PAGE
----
The mother of a teenager who disappeared with his friend while boating in the Atlantic Ocean filed suit Friday against the other boy’s parents and grandfather, alleging they should have prevented them from taking an ill-equipped boat out to sea.
The mother of Perry Cohen filed the suit against the family of Austin Stephanos. Both boys were 14 when they disappeared off the Palm Beach County coast in July 2015 after a storm, launching a massive search. They were never found. A Norwegian cargo ship found their overturned 19-foot boat months later in the Bahamas.
Pamela Cohen alleges Austin’s mother Carly Black, his father William Blu Stephanos and grandfather Richard Black Jr. should have stopped the boys from taking the Stephanos’ boat onto the ocean with a storm approaching and should have properly equipped the boat with a radio, a location device and other safety equipment. She also alleges she had told the family her son was not allowed out on the ocean without an adult onboard, that they waited over two hours to report the boys missing and that they knew the boys had been out the day before during a storm but didn’t tell her.
“Perry’s family cannot just move on, put this behind them or let it go,” Cohen’s attorney, Guy Rubin, said. “There is no easy way to move forward. For Pamela, the bond with her one and only child is too strong to let this pass without pursuing the truth.” Though the suit specified no amount being sought, Rubin said any money won would be donated to charity.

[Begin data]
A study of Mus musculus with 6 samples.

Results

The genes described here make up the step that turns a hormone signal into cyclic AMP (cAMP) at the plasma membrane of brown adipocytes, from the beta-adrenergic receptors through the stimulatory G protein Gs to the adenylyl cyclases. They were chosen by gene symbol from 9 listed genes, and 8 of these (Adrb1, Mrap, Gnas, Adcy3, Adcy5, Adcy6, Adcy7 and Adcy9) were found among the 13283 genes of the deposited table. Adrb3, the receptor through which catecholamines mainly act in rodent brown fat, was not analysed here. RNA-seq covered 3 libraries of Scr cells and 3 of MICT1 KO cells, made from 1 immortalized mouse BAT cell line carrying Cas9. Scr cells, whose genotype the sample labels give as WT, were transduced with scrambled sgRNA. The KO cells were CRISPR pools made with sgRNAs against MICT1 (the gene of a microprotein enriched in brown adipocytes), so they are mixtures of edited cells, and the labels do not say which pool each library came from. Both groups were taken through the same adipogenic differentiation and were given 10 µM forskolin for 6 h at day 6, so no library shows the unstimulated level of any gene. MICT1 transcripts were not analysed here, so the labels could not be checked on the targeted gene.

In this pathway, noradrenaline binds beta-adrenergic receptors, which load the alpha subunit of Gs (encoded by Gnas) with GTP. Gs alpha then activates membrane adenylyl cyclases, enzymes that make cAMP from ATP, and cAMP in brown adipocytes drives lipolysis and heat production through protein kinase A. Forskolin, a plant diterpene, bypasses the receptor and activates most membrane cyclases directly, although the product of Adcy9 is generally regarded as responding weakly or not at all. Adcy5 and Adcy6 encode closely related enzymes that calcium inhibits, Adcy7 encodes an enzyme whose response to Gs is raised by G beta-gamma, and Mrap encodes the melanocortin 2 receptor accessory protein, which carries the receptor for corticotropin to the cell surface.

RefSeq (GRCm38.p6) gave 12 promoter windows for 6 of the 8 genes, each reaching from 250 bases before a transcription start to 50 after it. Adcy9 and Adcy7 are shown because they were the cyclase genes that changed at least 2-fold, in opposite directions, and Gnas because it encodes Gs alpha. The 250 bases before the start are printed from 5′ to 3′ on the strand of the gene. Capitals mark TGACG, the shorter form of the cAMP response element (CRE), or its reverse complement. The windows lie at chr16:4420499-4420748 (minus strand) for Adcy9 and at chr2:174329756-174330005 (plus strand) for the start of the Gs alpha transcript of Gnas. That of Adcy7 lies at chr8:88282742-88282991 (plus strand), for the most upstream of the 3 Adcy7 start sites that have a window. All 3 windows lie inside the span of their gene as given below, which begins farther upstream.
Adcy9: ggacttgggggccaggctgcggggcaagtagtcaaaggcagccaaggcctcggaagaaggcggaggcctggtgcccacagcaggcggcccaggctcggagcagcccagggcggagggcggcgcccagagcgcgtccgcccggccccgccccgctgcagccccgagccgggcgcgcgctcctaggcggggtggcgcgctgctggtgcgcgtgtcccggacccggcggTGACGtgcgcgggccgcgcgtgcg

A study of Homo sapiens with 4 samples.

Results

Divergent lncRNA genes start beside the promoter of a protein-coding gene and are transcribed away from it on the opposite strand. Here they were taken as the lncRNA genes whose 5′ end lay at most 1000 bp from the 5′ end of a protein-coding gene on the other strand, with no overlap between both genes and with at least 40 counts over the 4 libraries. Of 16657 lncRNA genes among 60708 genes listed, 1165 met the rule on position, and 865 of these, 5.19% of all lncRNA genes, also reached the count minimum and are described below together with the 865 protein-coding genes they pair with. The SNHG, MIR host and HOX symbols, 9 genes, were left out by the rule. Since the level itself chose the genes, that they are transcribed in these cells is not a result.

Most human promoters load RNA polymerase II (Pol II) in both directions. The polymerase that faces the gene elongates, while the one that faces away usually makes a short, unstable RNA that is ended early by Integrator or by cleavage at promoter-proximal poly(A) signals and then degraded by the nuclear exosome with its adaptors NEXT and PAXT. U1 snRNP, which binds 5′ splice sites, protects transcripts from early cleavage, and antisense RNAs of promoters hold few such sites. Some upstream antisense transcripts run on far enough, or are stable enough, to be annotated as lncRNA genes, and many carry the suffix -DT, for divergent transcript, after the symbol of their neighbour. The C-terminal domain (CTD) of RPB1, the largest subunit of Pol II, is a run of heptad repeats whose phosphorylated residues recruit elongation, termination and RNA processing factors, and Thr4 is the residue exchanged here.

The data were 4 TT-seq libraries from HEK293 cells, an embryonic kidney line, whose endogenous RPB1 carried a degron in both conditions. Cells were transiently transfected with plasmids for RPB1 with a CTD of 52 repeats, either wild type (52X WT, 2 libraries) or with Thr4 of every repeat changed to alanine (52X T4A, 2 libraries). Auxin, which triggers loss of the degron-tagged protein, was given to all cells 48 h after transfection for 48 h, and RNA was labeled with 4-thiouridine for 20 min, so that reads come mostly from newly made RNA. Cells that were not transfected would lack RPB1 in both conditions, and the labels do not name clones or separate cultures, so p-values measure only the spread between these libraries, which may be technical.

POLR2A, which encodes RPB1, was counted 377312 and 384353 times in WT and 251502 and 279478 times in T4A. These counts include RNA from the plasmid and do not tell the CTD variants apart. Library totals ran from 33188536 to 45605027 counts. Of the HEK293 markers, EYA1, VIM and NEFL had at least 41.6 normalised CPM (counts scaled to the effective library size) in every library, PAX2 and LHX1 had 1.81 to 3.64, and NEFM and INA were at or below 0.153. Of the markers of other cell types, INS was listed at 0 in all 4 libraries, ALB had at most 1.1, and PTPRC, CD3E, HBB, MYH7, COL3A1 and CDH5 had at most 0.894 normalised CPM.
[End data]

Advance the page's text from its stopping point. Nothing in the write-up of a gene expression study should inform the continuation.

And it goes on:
Attorney George Harris, who represents Carly Black, did not respond to an email and phone call seeking comment. A telephone message left by The Associated Press at the Black family’s business wasn’t immediately returned.
The Florida Department of Law Enforcement said in June that investigators had found evidence of child neglect against Carly Black, but prosecutors said there wasn’t enough to pursue criminal charges.
According to the FDLE report, Black told investigators it was common for the boys to go fishing together, and she believed they were “the victims of a tragic mishap.”
Investigators said Black allowed the teens to “go offshore into the Atlantic Ocean, an inherently dangerous environment, in a minimally equipped 19-foot boat with a single outboard motor without adult or parental supervision,” and without a radio or an emergency beacon that could have been used to locate them.